Medical malpractice claims due to stroke arise out of two key mistakes: failure to take proper measures to reduce the risk of stroke and failure to promptly treat once a stroke occurs. Failure to assess for risk of stroke in certain patients, and order preventative treatment, may constitute medical negligence. Likewise, a physician’s failure to promptly undertake treatment in qualified patients may constitute a departure from acceptable medical practice.
Risk assessment is based on patient-related factors such as atrial fibrillation (“A Fib”), carotid artery disease, a history of transient ischemic attacks (“TIAs”) or stroke, hypercoagulable states such as heparin-induced thrombocytopenia (“HIT syndrome”), high blood pressure, or patent foramen ovalis (communication between the chambers of the heart). When a patient is at increased risk of stroke or cerebrovascular accident (“CVA”), a number of treatment options are available.
In some instances, treating the underlying condition can resolve the risk of CVA. For example, when a patient’s carotid arteries are occluded by 70% or more on imaging, a surgical procedure called endarterectomy can be performed to restore patency to the vessel. In other cases, treatment comes in the form of anticoagulation, such as coumadin, warfarin or heparin, or antiplatelet medications, such as aspirin or Plavix, to minimizing the clotting capacity of blood.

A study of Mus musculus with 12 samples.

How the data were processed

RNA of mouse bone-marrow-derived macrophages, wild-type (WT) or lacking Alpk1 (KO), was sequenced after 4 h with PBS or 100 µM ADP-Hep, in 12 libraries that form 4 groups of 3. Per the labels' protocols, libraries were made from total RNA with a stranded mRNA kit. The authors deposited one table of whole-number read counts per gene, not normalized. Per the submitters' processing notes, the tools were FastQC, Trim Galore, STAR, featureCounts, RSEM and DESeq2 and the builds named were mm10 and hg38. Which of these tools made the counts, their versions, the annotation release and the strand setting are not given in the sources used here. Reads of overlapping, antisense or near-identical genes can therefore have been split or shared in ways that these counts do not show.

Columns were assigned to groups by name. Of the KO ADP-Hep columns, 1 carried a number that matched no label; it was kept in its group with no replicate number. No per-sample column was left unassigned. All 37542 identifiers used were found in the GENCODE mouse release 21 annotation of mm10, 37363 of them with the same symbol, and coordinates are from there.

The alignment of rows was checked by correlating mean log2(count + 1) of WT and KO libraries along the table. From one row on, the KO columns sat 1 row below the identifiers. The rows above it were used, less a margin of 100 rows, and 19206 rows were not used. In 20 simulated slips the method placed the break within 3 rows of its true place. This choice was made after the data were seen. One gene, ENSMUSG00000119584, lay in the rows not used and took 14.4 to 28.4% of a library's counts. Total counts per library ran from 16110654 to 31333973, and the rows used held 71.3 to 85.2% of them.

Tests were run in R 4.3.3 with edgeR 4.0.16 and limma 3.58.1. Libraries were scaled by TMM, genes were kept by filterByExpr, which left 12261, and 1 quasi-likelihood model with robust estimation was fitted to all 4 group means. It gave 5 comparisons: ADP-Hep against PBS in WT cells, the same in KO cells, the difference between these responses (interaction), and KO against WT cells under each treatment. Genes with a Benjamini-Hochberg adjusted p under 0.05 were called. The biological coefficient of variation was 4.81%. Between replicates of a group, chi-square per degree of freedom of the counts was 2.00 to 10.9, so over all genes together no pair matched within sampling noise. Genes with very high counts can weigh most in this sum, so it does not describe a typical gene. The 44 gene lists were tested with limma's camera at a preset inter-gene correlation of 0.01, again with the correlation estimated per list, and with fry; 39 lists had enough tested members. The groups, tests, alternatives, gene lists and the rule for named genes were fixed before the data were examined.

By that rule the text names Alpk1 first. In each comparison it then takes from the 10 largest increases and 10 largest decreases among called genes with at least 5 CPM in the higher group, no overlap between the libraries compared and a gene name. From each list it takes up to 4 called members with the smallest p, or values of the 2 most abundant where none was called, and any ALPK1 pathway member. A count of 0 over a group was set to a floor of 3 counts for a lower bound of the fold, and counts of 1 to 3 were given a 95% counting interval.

Another example involves posterior reversible encephalopathy syndrome (“PRES”). If untreated, PRES can result in CVA and often blindness. PRES is seen in pre-eclamptic/eclamptic women and requires aggressive blood pressure management along with treatment of preeclampsia/eclampsia (i.e., emergent delivery of the baby).
Once a CVA occurs, prompt treatment is necessary. Treatment of CVA is time-sensitive, meaning that delays of even a few hours can render treatment options inadvisable or dangerous. Delayed treatment is common basis for medical malpractice claims. Treatment options depend upon the severity of the CVA and its source, but may include anticoagulation, the use of tissue plasminogen activator (“tPA”), stenting, bypass, or balloon angioplasty.
The use of tPA is often the subject of litigation. The American Heart Association (AHA) published criteria for the use of tPA. As of 2009 guidelines, tPA may now be used up to 4.5 hours after onset of CVA. A retrospective statistical review shows that tPA is effective 60% of the time when timely administered.